Career Clinic

This week, Professor John Howson answers questions on master's degrees, post-maternity moves and mentoring

Master or disaster?

I intend to enrol on a master's programme this autumn, which will run in the evenings. I feel like not telling my headteacher in case she doubts my commitment. What is your advice?

Frankly, any head who doubts the commitment of a teacher willing to study for a degree in their own time needs their brain examined.

I am always filled with admiration for the many teachers who juggle school, home and study, and still give 100 per cent to all three aspects of their life. I don't know whether you live alone or have a family, but if it's the latter then negotiating with them the changes in lifestyle is very important.

I would tell your head, and emphasise the benefits to the school, assuming you aren't just doing this study in an area totally unrelated to your teaching.

Who knows? The school might even have a fund for continuing professional development that you are unaware of, which could help with the fees. Arranging a lighter timetable and your planning and preparation time on the days where you are studying in the evenings would be a helpful gesture, even if they have no finance available.

The mother of all worries

I'm back from maternity leave and have taken on a temporary post: a one-year maternity cover, as second in a department. Now a job has come up at another school - a very good school - for the same post, but permanent. I had intended to start looking in January for a possible Easter start but the job that has come up begins in January. If I leave I know it will have an impact on the department. If I don't go for it, another job in a similar school might not come up. Is it too soon to leave after maternity leave? The school removed my own TLR (teaching and learning responsibility) position while I was on maternity leave, so I don't feel they have done the best for me, but I still feel a sense of duty. Will the school think I'm being selfish?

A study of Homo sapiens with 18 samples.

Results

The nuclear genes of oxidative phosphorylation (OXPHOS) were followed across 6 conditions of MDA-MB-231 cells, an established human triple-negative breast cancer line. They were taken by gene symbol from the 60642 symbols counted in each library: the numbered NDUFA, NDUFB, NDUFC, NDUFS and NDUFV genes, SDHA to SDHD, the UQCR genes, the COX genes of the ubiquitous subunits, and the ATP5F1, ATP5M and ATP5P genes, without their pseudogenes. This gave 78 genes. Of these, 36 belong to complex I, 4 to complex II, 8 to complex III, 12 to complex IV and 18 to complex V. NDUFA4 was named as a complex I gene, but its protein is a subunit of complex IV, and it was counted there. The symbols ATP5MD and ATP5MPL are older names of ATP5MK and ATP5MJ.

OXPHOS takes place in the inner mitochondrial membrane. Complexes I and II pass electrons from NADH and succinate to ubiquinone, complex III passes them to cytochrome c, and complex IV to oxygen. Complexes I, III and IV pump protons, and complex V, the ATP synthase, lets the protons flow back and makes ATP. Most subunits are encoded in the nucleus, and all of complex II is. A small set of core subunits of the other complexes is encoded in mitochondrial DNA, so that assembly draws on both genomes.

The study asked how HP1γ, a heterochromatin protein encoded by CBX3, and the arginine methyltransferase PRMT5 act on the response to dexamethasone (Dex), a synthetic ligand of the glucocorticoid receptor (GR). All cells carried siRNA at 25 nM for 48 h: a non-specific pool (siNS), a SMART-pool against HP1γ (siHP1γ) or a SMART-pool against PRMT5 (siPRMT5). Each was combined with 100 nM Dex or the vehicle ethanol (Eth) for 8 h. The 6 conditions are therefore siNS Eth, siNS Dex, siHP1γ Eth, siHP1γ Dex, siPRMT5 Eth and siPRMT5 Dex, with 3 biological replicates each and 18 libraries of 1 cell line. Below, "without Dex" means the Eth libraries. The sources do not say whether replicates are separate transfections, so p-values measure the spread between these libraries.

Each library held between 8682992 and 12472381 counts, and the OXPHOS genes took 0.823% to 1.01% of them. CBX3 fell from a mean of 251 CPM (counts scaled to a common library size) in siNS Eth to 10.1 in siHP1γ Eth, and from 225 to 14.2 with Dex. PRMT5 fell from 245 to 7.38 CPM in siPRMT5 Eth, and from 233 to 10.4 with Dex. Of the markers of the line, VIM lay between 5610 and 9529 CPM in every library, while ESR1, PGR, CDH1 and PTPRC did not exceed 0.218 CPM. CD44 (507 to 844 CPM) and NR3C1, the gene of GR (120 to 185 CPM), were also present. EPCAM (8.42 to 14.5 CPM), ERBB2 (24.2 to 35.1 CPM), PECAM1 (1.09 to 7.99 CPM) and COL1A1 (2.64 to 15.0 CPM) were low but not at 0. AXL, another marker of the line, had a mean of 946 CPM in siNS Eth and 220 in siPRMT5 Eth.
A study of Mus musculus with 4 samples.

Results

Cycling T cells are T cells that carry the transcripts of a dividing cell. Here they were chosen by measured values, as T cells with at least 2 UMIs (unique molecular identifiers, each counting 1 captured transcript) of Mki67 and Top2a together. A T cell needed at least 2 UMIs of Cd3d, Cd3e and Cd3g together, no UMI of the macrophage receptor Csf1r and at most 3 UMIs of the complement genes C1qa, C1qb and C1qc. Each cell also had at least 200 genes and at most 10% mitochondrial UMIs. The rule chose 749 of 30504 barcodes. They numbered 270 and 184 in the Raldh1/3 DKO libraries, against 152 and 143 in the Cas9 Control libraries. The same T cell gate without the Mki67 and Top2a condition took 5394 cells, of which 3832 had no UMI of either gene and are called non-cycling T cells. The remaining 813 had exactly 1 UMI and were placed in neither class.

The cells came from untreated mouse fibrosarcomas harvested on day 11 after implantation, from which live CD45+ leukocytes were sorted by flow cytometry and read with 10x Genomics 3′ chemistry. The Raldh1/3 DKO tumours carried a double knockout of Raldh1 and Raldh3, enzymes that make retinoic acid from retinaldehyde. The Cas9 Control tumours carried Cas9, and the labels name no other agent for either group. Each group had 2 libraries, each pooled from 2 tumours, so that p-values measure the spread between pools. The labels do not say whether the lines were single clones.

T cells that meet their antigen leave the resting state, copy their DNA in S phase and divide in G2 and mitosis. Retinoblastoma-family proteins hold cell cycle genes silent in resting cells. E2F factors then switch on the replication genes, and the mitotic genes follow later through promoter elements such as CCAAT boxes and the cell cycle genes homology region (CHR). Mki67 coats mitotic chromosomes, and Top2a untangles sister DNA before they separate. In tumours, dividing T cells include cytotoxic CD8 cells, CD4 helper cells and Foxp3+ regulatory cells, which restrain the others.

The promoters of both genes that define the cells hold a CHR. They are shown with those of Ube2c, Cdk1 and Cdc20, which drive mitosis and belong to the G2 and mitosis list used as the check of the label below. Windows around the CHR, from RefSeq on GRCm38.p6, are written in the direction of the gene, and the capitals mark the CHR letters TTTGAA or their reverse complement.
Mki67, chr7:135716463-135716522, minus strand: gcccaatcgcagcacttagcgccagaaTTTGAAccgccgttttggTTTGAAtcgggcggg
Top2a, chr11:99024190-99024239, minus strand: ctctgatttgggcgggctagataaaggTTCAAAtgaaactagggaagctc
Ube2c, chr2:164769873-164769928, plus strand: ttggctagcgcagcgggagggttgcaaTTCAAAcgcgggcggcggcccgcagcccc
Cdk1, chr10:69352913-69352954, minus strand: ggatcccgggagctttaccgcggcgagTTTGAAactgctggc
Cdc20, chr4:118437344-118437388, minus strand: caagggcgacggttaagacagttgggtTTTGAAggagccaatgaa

Every conscientious teacher feels as you do. But, as you say, it is your career. In the present job market, you must apply for any suitable vacancy and let the school worry about the consequences if you are successful. They didn't worry about the effect of cutting your TLR on your income.

You may not be appointed, but you really would be foolish not to apply, and if it left you unemployed next summer that would be a tragedy. If the school you are at really wants to keep you, they can either offer you a permanent post or ask the other school to delay your appointment until Easter if you are offered the job. But fill in the application form now.

Mulling over mentor move

I am a very experienced primary teacher, completing a diploma in specific learning difficulties. I am very interested in working as a learning support teacher, but the opportunities are few and far between in my area. The role of trainee Senco also appeals, but again there is a shortage of jobs. I have seen a learning mentor post advertised and must admit that I find it quite an appealing prospect. My worry is, though, that this would be considered a step down, career wise, and might not look great on my CV.

If the learning mentor post is not paid as a teacher I would avoid it, since it probably would be a step sideways and might have a negative effect on your next career move in a few years' time.

If you live in an area with mainly small primary schools, you may struggle to find a specific post in the special educational needs (SEN) area, and might have to consider either a TLR with general teaching and learning that also covered the SEN brief or even a deputy headship.

There are now those who consider that many children listed as having low-level SEN actually have other issues, such as missing school time through continued absences or problems at home impacting on their learning.

Labelling a child with SEN is sometimes convenient, but there may be other underlying problems such as looking after younger siblings or even a parent facing life challenges that are responsible for the slower than expected progress of a pupil. The NASEN website ( offers useful advice.

Professor John Howson is our resident career expert, with 40 years in education, including spells as a teacher, academic, school recruitment researcher and government adviser.